Whether it’s in search of streets paved in gold, the buzzing nightlife or arts and culture, London is a choice destination for so many young professionals. That was certainly the case for some of CheekyLittleCareers’ associates who as 20 something year olds moved to London to start their graduate jobs.
However, as we mature and the years of working hard and playing harder take their toll, the metropolitan playground so many of us all fall in love with can gradually lose its appeal. We start yearning for a more calming environment, resulting in droves of professionals relocating to commuter towns whilst others, including our associate executive coach and former City lawyer Matt Verrell opted for an even more rural backdrop in Wiltshire after a stint in historic St Albans.
Covid19 along with the extended Stamp Duty holiday has accelerated this process, and with a growing number of employers saying they’ll be embracing homeworking indefinitely, the prospect of purchasing a dream pad further afield with sea views or surrounded by woodland no longer feels like a pipe dream.
When my husband and I first moved out of London in 2008 we went from hustle and bustle of Islington to a bungalow in rural Kent where the only sound was birdsong. As idyllic as this may sound, the transition wasn’t all smooth sailing. I vividly remember our first row, with me stomping out and then quickly realising there was nowhere to go without driving along dark and windy country lanes. What’s more, as I didn’t at that point know anyone else in the area, who was I going to turn to for refuge? It was definitely one of those “what on earth have I done” moments that will live in my memories for many more years to come.
After concluding rural life wasn’t for us, we eventually moved to the centre of Tunbridge Wells, a spa town in Kent. It was a perfect compromise because we have lots of green spaces and the coast is about 60 mins away by car, which were both a must for my outdoor loving sailor husband. Whilst, for me there are plenty of shops and street cafes! But most importantly, most of our local amenities, including the train station, are walking distance (well in my case wheelchair distance) meaning I no longer have to brave country lanes simply to buy a pint of milk.
If you’re thinking of relocating below are top five tips, I’ve pulled together with help from Laura and Matt, for successfully making the move and settling into country living:
- Get to know your short-listed areas first. Check out local pubs, restaurants, shops and other amenities. If you either already have kids or are planning to, remember to investigate what the deal is with local schools and catchment areas. Also note, along with proximity to a train station, this is a significant influencing factor regarding how much you’ll need to fork out to bag your new home.
- Consider moving to towns or villages where you have family living nearby, as this will give you a ready-made social circle including, if relevant, childcare. Making friends locally is likely to be a challenge if you don’t have immediate neighbours or opt for an area with houses that sit behind imposing gates. What’s more, if you’re planning to work from home or run your own business you won’t have access to a network of colleagues. That said, once lockdown measures are eased further there’ll be plenty of other ways to meet new people, including via local societies, sports clubs, places of worship and indeed at the school gate.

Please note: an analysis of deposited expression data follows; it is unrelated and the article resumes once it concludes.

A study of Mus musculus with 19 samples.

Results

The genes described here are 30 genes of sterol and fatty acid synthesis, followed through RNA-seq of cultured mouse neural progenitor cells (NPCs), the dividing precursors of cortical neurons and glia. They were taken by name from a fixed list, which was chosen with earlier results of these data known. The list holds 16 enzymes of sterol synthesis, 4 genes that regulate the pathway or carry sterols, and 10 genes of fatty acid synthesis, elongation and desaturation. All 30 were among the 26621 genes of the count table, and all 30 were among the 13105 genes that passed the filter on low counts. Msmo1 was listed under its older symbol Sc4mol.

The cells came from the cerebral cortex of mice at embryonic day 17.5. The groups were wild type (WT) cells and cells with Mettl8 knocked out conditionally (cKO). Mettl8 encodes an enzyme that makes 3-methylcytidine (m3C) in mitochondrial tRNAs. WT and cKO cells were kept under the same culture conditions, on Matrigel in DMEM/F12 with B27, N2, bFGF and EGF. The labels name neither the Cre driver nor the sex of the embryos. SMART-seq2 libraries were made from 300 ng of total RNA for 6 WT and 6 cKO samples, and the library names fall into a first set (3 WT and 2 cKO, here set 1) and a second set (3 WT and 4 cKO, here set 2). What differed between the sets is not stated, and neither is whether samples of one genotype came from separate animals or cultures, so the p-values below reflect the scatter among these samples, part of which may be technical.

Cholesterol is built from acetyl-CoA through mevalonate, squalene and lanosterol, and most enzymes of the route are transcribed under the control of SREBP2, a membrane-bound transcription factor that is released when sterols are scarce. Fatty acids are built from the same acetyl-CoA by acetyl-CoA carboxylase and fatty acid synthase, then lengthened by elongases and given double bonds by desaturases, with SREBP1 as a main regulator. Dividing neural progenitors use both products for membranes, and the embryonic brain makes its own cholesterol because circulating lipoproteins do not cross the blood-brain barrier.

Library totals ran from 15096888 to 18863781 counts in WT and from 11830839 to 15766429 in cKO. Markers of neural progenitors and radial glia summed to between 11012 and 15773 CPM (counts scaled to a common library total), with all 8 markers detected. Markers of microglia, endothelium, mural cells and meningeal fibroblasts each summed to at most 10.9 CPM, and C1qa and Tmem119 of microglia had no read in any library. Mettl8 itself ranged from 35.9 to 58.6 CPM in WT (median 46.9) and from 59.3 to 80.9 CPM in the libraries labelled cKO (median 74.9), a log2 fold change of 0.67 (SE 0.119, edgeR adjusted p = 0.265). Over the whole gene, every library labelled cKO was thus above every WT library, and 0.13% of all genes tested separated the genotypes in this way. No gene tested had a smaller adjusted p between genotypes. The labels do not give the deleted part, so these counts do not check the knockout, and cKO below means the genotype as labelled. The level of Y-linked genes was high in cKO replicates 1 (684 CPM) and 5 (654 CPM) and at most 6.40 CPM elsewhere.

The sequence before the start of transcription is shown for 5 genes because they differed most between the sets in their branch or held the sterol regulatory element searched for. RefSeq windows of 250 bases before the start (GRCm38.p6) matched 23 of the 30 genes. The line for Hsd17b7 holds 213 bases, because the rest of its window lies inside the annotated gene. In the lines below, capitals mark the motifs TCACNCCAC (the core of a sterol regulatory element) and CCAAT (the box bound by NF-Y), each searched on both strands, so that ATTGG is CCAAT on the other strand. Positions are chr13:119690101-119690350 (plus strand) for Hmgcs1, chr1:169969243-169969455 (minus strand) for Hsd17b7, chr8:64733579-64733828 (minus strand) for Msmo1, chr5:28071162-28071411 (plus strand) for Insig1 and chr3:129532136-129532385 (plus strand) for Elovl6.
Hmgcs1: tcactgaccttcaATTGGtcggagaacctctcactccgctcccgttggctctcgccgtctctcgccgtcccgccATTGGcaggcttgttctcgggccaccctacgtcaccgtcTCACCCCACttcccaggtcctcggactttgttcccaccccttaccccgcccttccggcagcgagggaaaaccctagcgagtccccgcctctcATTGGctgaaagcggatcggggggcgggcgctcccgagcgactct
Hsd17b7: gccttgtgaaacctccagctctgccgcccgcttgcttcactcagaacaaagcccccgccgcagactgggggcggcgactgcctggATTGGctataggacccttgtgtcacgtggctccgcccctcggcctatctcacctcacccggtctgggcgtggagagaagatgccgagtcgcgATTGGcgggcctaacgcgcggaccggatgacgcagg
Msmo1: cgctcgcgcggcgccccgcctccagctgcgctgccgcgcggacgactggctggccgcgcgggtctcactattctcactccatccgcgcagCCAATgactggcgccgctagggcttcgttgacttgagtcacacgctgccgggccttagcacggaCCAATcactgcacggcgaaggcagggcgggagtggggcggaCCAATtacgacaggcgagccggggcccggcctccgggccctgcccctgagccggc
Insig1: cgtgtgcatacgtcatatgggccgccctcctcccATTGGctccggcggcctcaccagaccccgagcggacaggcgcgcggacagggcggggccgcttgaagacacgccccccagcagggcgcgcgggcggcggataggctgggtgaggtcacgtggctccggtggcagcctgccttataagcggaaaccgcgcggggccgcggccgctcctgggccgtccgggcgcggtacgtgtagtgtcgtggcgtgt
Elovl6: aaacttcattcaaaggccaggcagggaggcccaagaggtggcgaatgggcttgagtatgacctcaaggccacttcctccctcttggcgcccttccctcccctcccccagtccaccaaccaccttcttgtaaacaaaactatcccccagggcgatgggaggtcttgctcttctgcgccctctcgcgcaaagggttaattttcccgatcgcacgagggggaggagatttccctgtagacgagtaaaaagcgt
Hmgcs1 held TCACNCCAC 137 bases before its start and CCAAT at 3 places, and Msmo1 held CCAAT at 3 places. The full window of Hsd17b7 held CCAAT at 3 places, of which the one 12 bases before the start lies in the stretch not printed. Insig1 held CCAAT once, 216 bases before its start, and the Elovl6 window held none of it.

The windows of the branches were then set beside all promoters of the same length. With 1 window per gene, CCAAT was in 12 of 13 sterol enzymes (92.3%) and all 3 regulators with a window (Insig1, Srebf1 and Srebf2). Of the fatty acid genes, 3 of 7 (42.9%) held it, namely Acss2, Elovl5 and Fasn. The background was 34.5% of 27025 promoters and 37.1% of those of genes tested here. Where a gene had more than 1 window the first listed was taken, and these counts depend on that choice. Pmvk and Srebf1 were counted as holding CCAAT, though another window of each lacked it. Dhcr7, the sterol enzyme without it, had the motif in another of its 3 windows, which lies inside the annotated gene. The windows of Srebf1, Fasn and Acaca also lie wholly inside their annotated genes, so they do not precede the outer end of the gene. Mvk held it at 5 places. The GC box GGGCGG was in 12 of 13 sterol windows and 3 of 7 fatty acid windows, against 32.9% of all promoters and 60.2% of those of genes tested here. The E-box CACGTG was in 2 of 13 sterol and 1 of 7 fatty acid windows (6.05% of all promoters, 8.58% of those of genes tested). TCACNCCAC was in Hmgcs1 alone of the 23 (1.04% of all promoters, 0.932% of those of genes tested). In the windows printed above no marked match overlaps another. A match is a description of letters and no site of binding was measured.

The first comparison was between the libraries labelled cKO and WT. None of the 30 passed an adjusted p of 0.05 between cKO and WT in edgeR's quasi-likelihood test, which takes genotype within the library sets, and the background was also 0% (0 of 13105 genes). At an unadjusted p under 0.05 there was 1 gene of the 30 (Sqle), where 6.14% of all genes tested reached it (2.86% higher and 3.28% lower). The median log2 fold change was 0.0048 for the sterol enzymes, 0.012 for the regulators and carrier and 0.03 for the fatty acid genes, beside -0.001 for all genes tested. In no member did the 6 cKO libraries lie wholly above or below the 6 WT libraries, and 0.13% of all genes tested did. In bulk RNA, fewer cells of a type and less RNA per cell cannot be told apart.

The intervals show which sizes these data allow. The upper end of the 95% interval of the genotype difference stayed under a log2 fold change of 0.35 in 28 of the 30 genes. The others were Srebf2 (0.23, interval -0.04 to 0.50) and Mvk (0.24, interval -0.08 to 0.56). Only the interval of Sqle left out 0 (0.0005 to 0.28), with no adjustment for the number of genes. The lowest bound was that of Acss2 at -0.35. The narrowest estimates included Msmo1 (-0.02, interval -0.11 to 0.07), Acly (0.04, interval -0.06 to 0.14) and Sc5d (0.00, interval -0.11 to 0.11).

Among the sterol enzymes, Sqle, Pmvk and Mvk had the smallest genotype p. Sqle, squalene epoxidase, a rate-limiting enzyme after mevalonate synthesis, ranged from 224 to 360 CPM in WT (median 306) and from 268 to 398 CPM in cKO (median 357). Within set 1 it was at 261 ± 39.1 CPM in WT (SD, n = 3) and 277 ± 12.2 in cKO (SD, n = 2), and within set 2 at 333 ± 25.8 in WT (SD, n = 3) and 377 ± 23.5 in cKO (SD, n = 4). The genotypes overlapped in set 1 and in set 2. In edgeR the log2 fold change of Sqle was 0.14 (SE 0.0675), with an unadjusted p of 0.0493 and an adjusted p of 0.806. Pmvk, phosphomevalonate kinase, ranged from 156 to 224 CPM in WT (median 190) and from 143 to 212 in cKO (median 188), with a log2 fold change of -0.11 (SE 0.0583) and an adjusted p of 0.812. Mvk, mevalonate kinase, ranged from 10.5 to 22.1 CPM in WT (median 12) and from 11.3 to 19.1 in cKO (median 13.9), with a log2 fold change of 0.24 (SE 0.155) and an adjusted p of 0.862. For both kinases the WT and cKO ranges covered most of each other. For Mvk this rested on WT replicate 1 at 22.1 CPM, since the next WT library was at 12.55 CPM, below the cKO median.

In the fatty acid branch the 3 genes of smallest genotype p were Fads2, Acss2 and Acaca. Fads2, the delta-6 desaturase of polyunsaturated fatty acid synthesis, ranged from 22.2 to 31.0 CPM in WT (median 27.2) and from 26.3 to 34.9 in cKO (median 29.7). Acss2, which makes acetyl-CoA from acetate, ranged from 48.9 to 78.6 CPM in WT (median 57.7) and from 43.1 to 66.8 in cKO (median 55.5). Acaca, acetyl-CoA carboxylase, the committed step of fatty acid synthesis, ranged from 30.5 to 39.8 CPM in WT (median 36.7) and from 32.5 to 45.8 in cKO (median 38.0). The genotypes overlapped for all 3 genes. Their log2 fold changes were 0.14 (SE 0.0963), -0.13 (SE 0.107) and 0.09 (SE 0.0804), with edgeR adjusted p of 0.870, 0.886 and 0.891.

- Thoroughly do your homework in relation to travel. The more rural you go the more reliant you’ll be on a car. This was a particular challenge for Laura because when she first moved to Somerset she hadn’t passed her driving test. Also, beware of rabbit runs – some country lanes are notorious for becoming heavily congested during certain times of the day with animals and tractors causing further delays. In relation to travel, if you’re planning to continue working in London on a regular basis, try a mock commute. Estate agents are notorious for exaggerating travel time to nearby stations and indeed the length of a train journey. The cost of travel is also an important consideration with some season tickets costing the earth!
- Adopt a fitness routine soon after relocating because gyms are not so easily accessible. Invest in an ordinance survey map to help identify safe walking, running and cycling routes (note you may need to drive to the starting points first). Appropriate clothing and footwear, including a decent pair of wellies are also a mus. Alternatively, explore virtual exercise classes you can do from home as these are likely to continue running even in a post-pandemic world.
- Remember to check for broadband speed. This is still a huge bugbear for Laura and sometimes she feels as though she can hear the cranking of dial-up. Related to technology, be prepared for unexpected power cuts (these were fairly regular when I lived out in the sticks) and have torches and candles on standby.